Republicans to Trump: Put up or shut up

     White House Press secretary Sean Spicer speaks to the media during the daily briefing in the Brady Press Briefing Room of the White House, Tuesday, March 14, 2017. (AP Photo/Pablo Martinez Monsivais)

    White House Press secretary Sean Spicer speaks to the media during the daily briefing in the Brady Press Briefing Room of the White House, Tuesday, March 14, 2017. (AP Photo/Pablo Martinez Monsivais)

    You may not have noticed — who can possibly keep track of everything? — that the Trump regime just blew a big deadline.

    The Republican-run House Intelligence Committee decided that the time had come to stop indulging Trump’s paranoia. It demanded that Trump produce evidence to support his tweeted claim that President Obama had illegally wiretapped him. Translation: Put up or shut up. The panel’s deadline was Monday. In response, Trump’s Justice Department put out a statement — I love the wording — that pleaded for more time “to determine what if any responsive documents may exist.”

    Not a surprise. Ten days have passed since Trump thumbed his misspelled smear — “How low has President Obama gone to tapp my phones…Bad (or sick) guy!” — and he has yet to offer a shred of proof.

    It was one thing for Trump to spend five years claiming without a shred of proof that Obama was foreign-born, because he was just a private citizen tweeting for attention; it’s far more serious to slime Obama as an illegal wiretapper while you’re occupying the White House. Which is why Republican Sen. Lindsey Graham warned yesterday that Trump will “screw up big time” if he keeps refusing “to give us an answer.” In fact, Devin Nunes, the Republican chairman of the House intel panel, said this morning: “I don’t think there was an actual tap of Trump Tower.”

    Meanwhile, conservative Republican Evan McMullin, who ran last year as an independent presidential candidate, is dogging Trump with a new ad, financed by a group called Stand Up Republic, that smartly keeps our eye on the ball — namely, the Trump-Russia scandal. McMullin ignores Trump’s wiretap allegation and simply says this:

    “Mounting stories of hidden ties and shady deals. Fear that the president is compromised. The values of liberty, justice, and honor shaped America. Generations fought for freedom, and presidents of both parties stood against foreign tyrants like Vladimir Putin. Why won’t Donald Trump? Tell Congress to name a bipartisan committee to get the truth.”

    Well said. Trump’s wiretap claim — part paranoia, part calculation — is merely his attempt to water down the congressional probes of his regime’s ties to Russia. Every minute that Hill Republicans spend investigating the wiretap claim is one less minute getting to the crux of Putin’s cyber-invasion. Indeed, Trump propaganda minister Sean Spicer said yesterday that the regime is eager for Congress to chase the wiretap claim: “I’ll leave it to them to issue their report. I think [Trump] feels very confident that what will ultimately come of this will vindicate him.”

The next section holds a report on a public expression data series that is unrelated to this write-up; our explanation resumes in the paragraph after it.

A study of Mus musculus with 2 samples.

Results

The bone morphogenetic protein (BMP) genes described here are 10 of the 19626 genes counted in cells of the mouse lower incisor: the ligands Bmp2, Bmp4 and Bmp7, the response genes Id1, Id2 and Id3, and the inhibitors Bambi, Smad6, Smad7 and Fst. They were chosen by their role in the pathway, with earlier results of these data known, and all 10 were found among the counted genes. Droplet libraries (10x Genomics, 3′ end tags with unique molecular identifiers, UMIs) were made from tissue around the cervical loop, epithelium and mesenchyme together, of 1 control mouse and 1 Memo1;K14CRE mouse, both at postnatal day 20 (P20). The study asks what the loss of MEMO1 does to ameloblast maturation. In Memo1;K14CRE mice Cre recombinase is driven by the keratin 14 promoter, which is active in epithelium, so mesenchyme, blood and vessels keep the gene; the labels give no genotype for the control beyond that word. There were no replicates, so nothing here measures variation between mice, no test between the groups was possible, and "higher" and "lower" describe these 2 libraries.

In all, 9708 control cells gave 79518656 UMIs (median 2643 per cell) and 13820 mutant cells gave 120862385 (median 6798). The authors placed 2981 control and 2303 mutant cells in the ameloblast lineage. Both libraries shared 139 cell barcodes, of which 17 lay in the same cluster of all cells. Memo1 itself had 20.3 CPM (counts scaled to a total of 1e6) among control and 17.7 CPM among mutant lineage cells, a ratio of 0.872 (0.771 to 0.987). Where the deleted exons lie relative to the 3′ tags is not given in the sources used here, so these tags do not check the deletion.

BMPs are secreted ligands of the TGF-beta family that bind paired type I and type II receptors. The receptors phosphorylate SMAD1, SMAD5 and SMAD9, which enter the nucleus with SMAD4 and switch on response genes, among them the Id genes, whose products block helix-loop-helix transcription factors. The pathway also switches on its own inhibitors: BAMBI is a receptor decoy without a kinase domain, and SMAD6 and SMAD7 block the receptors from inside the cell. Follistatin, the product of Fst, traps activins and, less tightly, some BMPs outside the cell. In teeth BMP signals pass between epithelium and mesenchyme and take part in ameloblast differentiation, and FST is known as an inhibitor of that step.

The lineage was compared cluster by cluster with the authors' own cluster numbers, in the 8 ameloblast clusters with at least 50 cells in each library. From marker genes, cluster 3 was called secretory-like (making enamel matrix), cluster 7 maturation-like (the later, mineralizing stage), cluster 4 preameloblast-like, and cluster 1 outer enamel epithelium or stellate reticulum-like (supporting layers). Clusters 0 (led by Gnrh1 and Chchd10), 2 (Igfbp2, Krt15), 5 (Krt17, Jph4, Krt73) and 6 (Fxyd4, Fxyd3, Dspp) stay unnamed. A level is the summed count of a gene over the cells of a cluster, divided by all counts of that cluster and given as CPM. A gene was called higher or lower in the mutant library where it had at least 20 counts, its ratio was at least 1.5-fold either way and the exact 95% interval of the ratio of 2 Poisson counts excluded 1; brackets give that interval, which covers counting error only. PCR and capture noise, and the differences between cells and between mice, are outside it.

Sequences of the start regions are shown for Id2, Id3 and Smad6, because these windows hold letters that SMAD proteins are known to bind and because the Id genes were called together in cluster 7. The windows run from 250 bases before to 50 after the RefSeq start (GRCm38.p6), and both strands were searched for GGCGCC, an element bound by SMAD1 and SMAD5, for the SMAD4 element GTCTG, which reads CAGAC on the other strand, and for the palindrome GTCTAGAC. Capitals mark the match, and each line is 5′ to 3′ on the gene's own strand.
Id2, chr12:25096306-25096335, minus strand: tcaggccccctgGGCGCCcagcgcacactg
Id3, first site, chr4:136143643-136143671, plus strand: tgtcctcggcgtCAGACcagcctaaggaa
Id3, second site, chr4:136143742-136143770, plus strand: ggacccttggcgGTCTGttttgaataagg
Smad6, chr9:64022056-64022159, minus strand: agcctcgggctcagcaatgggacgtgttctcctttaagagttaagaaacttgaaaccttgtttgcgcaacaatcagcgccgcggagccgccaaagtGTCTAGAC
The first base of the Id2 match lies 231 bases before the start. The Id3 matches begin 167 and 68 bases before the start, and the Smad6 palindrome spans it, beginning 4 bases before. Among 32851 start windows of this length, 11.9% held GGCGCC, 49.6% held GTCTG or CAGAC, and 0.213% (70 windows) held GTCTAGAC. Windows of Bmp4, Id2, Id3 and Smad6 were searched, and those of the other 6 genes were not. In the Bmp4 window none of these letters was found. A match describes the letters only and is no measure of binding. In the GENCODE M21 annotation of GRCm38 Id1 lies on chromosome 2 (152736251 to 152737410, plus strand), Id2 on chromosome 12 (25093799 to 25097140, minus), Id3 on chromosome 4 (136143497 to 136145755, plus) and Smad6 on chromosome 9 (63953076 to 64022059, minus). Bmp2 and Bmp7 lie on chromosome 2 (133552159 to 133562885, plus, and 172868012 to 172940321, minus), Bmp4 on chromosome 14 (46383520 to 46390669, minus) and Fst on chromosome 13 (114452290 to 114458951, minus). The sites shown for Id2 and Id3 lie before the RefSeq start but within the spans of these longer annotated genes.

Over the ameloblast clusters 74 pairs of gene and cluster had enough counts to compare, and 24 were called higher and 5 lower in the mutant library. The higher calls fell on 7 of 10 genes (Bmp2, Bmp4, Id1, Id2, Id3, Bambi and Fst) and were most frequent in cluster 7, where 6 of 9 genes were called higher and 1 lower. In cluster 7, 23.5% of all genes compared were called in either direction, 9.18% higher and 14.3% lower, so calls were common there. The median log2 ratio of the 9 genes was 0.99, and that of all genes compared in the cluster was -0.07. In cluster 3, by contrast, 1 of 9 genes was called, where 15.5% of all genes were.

But punting Trump’s wiretap claim to Congress — go ahead guys, you look for evidence — was just one facet of Spicer’s desperate trickery. Folks, there are many bad jobs in this world — toilet cleaner, ditch digger — but arguably the worst is to be a Trump factotum, tasked with mopping his messes.

    After Trump leveled his wiretap charge, his minions stayed mute for days. But now they’ve decided that the best course of action is to serve up bogus spin. Spicer tried this on Monday, insisting that Trump didn’t mean to say what he clearly meant to say. Let’s call it The Air Quote Defense.

    Trump, in several of his accusatory tweets, had put quotation marks around the words “wire tap.” So Spicer told the press: “If you look at the president’s tweet, he said very clearly, quote, ‘wire tapping’ in quotes…The president was very clear in his tweet that it was, you know, ‘wire tapping.’ That spans a whole host of other surveillance options.”

    If we somehow ignore the fact that Trump semi-literately tweeted about a wiretap (“How low has Obama gone to tapp my phones”), we can divine Spicer’s intent. Clearly the White House has no evidence that Obama ordered an illegal tap, so Spicer was moving the goal posts to “other surveillance options.” For which the White House offers no evidence.

    Meanwhile, alternative factess Kellyanne Conway sought in a weekend interview to detail those other surveillance options: “There was an article this week that talked about how you can surveil someone through their phones, certainly through their television sets, any number of different ways. And microwaves that turn into cameras, et cetera.”

    But did she have any evidence that Obama ordered any such things? Nope. Because, in her memorable words, “I’m not in the job of having evidence.”

    And since Conway is a senior Trump adviser, a reporter at yesterday’s press briefing was compelled to ask Spicer this question: “Does the president believe that he was surveilled through microwaves?”

    In any previous era, the “Saturday Night Live” writers would’ve crafted that line. But welcome to Trumplandia, where reality is farce. The good news, today, is that Lindsey Graham’s Senate subcommittee will rightly treat Trump’s wiretap smear as a sideshow — and endeavor, in his words, “to find out all things Russia.” Eye on the ball, people.

    Follow me on Twitter, @dickpolman1, and on Facebook.